Could you help with a survey of rare Belted Beauty moths in Lancashire?

The single annual survey is a daytime activity involving as many people as possible counting as many male and female Belted Beauty moths as possible, at the peak of their emergence period (usually mid to late April, depending on tides). In addition a series of transect walks are carried out roughly weekly between late March and early June.

Why it is important

Lancashire hosts what is believed to be the last remaining colony in England (and possibly Wales as well) of this species. Elsewhere in Britain it is still present on the Western Isles of Scotland and the west coast of Ireland. The Lancashire colony is situated to the south of Heysham Power Station on a 2km stretch of coastal saltmarsh stretching from Sunderland Point, north to Potts Corner. At its other sites in Britain, and historically in Lancashire, Cheshire and North Wales, the habitat for this moth has always been developing coastal dune grassland so the Lancashire site is atypical and appears to be unique in Europe.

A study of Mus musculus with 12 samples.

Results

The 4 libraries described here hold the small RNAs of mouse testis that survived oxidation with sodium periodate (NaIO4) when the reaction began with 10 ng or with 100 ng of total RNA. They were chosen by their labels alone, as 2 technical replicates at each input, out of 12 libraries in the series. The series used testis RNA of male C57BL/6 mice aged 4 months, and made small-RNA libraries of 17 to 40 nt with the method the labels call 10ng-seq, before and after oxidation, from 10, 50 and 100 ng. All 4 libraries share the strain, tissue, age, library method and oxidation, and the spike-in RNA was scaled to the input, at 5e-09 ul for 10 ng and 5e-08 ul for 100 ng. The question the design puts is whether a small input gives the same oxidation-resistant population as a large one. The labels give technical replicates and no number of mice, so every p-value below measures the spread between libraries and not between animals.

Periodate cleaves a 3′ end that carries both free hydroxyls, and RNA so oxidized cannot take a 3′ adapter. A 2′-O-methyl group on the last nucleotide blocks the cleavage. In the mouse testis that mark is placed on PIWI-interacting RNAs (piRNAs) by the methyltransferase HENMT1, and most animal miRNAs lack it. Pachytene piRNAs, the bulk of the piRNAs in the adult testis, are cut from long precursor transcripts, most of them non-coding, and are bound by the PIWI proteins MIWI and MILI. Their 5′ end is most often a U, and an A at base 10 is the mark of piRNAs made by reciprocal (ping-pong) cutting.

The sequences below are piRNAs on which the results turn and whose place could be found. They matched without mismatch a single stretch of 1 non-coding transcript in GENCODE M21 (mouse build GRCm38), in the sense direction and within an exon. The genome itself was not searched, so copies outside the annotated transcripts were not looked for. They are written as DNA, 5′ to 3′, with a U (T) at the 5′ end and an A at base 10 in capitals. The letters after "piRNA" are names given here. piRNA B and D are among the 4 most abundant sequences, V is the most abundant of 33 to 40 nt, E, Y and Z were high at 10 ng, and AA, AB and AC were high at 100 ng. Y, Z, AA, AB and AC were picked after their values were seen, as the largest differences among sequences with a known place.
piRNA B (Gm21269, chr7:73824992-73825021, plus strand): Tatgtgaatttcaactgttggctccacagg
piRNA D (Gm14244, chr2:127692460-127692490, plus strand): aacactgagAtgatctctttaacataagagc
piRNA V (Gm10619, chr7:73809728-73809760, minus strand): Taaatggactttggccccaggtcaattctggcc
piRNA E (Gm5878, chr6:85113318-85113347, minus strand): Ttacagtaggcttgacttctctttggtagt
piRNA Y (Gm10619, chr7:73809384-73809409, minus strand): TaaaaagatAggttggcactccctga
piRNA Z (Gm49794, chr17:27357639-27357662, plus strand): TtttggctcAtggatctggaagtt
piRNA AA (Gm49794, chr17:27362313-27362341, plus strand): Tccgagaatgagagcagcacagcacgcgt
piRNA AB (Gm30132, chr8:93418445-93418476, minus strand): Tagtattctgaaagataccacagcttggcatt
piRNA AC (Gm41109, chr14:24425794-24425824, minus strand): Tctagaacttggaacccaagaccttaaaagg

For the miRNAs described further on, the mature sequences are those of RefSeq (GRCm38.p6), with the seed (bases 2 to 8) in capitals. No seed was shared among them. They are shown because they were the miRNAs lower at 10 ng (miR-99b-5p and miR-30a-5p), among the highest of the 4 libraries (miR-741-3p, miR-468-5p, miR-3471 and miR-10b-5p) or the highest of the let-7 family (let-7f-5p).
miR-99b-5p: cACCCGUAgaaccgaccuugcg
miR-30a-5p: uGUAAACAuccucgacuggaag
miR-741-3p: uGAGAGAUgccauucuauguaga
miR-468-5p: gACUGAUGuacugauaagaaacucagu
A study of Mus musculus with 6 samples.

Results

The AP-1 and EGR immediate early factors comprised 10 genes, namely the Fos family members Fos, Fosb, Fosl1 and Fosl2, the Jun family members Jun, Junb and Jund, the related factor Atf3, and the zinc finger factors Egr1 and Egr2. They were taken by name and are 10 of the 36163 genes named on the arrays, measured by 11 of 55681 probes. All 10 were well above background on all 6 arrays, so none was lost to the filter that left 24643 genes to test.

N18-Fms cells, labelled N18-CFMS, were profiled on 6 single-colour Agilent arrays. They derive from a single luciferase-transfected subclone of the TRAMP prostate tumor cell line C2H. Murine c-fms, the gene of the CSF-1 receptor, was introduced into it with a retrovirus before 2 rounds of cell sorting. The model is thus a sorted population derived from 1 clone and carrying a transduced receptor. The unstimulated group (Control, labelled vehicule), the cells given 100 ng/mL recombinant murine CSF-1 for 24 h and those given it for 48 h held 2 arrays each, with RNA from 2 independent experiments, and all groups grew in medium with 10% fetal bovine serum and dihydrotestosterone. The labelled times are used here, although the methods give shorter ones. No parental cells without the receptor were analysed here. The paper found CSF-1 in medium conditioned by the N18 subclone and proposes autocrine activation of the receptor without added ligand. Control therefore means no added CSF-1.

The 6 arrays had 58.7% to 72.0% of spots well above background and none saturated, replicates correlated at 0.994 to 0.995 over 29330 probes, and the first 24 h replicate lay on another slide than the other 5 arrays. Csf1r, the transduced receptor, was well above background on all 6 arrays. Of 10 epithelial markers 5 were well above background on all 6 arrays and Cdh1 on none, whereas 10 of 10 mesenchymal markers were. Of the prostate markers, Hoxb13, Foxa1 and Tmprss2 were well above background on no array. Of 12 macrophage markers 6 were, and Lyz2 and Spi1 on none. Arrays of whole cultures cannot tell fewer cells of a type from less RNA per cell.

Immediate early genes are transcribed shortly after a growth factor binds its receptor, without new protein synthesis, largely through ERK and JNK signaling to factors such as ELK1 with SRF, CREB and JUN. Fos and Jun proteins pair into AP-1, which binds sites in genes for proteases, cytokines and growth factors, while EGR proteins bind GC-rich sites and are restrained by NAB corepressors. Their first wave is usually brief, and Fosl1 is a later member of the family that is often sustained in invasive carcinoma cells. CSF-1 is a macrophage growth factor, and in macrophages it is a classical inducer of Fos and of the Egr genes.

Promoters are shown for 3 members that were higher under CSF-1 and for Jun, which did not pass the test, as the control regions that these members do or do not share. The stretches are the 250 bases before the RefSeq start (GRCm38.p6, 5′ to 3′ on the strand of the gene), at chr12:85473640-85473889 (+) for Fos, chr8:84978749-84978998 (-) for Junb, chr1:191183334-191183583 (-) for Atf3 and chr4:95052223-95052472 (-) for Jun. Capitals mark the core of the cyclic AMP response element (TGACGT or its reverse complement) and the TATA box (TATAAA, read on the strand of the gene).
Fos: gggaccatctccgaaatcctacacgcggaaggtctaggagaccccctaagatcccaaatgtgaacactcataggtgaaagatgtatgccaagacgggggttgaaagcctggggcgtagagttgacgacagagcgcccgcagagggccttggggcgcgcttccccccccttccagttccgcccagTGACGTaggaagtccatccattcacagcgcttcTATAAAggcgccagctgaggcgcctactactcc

With threats from coastal development, major infrastructure projects and climate change effects, it is vitally important that we have long-running and accurate data to support any information requested relating to the health of the population and its ecological requirements. The annual count is part of this process and gives an overall idea of where the moth occurs on the site, how the moth may use different parts of the site at different parts of the flight season and critically, how it is faring. Uses of the marsh, such as recreational and agricultural are also monitored by this and the transect visits.

How to get involved

Full details of this year's event have now been posted on our events listings.